This Fast Facts provides members with information to safely dispose of unwanted or expired prescription medications.

—Background—

 Medicines play an important role in treating certain conditions and diseases, but they should be used as directed and properly disposed of when treatment ends. Cleaning out your medicine is a good idea for a number of reasons. A cabinet full of unused medications can increase the chance of taking the wrong one, having expired medicine or having medication end up in the wrong hands. Unused portions of these medicines must be disposed of properly to avoid harm to wildlife, pets and people.

But how should you “properly dispose” of unused or expired medications? In the past, we were told to flush unused drugs or put them in the trash. Both of these strategies have potential downsides. Flushed medications can pass largely untouched through sewage treatment plants. Meanwhile, medications in the garbage can come into contact with children or animals, and once in landfills, have the potential to leach into groundwater.

—What can you do to ensure safe drug disposal? —

 Typically medication disposal is labeled with specific instructions, so it important to read the labels on the bottle. If it is not labeled, here are some steps you can take to safely dispose of unwanted and expired medication:

  1. Ask if your pharmacist can take back medication. Many pharmacies participate in prescription drug disposal
  2. Investigate if there are nearby state or local disposal programs like those mentioned
  3. If you need to put your medications in the trash, follow these tips:
    • Keep the medications in the original childproof and watertight
    • Leave the label on, but remove all identifying information to protect
    • Add some water to pills and put some flour in liquids. You can also add material to the trash bag such as kitty litter, sawdust, coffee grounds or any material that mixes with the medication and makes it less appealing for pets and children to
    • Conceal the vials by putting them in empty plastic tubs or paper bags before throwing them out.

Above all, do not give medications to friends or family members. Doctors prescribe drugs based on a person’s specific symptoms and medical history. For more information about disposal, visit the New Jersey Department of Environmental Protection webpage.

—Project Medicine Drop—

With the abuse of prescription drugs on the rise, New Jersey officials kicked off Project Medicine Drop to demonstrate how individuals can properly dispose of drugs. Led by the New Jersey Division of Consumer Affairs, the program enables individuals to dispose of medications anonymously, seven days a week, 365 days a year. Prescription drop boxes are located within participating police departments. The drop boxes are indoors in a secure location within view of law enforcement officers. The police department will then take custody of the discarded drugs and dispose of them, according “to their normal procedures for the custody and destruction of controlled dangerous substances.”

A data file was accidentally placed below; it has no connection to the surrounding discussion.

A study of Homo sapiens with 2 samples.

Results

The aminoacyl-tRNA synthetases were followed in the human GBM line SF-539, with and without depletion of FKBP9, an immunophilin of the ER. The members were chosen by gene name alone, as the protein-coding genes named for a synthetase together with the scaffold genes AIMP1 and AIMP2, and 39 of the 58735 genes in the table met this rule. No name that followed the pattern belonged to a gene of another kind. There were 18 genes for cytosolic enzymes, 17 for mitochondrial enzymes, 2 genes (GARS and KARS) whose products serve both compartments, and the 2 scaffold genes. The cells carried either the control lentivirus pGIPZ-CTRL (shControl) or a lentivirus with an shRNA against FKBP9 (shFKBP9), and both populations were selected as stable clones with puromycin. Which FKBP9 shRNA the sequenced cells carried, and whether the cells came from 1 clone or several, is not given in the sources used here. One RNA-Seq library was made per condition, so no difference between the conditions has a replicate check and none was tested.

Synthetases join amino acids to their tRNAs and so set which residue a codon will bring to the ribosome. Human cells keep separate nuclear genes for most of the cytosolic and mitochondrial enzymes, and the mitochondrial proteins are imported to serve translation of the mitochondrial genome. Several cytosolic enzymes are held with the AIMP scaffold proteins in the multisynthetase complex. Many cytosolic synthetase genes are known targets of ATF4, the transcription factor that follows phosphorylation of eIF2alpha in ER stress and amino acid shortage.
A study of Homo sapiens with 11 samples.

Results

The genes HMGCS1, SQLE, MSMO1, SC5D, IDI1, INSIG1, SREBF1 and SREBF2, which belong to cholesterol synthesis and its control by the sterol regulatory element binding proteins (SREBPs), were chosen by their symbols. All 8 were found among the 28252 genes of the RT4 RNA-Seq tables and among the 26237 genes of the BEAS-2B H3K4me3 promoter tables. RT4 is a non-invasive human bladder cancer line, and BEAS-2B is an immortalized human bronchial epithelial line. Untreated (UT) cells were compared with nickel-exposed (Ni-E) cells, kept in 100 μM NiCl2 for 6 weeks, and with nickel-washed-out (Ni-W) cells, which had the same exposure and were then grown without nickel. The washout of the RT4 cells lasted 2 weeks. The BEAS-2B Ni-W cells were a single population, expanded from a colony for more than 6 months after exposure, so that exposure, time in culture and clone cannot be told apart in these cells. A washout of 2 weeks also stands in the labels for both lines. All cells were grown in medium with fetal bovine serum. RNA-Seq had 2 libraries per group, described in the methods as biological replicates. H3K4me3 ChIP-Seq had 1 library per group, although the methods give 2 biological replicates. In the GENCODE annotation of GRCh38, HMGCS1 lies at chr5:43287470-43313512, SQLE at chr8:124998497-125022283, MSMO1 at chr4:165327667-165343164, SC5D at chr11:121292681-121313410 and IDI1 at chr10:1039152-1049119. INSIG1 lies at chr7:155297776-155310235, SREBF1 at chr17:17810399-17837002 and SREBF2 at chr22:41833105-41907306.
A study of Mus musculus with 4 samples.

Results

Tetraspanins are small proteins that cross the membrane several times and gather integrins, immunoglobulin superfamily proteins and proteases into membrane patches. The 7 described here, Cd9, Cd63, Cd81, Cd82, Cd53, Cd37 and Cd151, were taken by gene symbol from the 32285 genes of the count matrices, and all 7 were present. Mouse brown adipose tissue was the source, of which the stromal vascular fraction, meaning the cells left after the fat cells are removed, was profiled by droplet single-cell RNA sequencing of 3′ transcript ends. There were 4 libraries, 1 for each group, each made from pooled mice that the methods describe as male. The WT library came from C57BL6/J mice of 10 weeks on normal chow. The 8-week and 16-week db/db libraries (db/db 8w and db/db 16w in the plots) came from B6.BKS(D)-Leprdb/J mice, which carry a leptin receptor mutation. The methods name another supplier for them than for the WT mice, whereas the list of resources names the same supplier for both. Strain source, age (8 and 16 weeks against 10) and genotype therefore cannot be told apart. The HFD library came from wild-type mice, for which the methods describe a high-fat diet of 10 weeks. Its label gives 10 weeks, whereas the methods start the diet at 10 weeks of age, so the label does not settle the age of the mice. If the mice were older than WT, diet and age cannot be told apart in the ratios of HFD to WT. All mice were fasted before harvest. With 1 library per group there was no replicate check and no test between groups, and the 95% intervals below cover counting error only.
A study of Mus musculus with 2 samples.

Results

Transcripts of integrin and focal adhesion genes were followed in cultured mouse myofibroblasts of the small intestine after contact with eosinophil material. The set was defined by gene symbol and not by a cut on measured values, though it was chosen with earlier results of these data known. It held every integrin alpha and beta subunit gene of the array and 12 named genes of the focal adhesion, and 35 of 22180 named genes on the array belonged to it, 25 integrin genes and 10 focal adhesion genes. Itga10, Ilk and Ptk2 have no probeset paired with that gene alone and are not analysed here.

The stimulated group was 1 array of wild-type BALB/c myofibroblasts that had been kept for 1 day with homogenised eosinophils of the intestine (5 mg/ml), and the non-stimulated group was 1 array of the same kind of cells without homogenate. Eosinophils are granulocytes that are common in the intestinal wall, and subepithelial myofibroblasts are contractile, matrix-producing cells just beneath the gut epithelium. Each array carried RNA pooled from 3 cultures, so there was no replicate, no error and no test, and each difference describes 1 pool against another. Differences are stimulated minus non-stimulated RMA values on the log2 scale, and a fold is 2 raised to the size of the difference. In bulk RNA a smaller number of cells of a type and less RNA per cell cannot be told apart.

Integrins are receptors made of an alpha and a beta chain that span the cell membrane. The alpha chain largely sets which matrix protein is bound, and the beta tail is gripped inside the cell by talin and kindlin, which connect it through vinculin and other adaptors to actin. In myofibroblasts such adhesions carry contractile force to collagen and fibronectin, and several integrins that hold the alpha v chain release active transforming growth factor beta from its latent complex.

—For More Information—

 New Jersey’s Project Medicine Drop by the NJ Division of Consumer Affairs

Use the map to select a location near you. For hours of availability and other information, contact the police department or call the NJ Division of Consumer Affairs at 800-242-5846. They also have flyers and posters that can be distributed.

DisposeMyMeds.org 

This is an online resource to help you find medication disposal programs at a local independent community pharmacy near you, as well as to ensure the safe and proper handling of your medications.

AmericanMedicineChest.com 

 This site contains an interactive map that allows you to easily find the prescription drug drop off location nearest to you.

How to Dispose of Unused Medicines by the U.S. Food and Drug Administration

The FDA worked with the White House Office of National Drug Control Policy (ONDCP) to develop the first consumer guidance for proper disposal of prescription drugs.

If you need additional information, please contact Chrissy Buteas at cbuteas@njbia.org or 609-858-9510.

 

Updated:  October 31, 2016

This information should not be construed as constituting specific legal advice. It is intended to provide general information about this subject and general compliance strategies. For specific legal advice, NJBIA strongly recommends members consult with their attorney.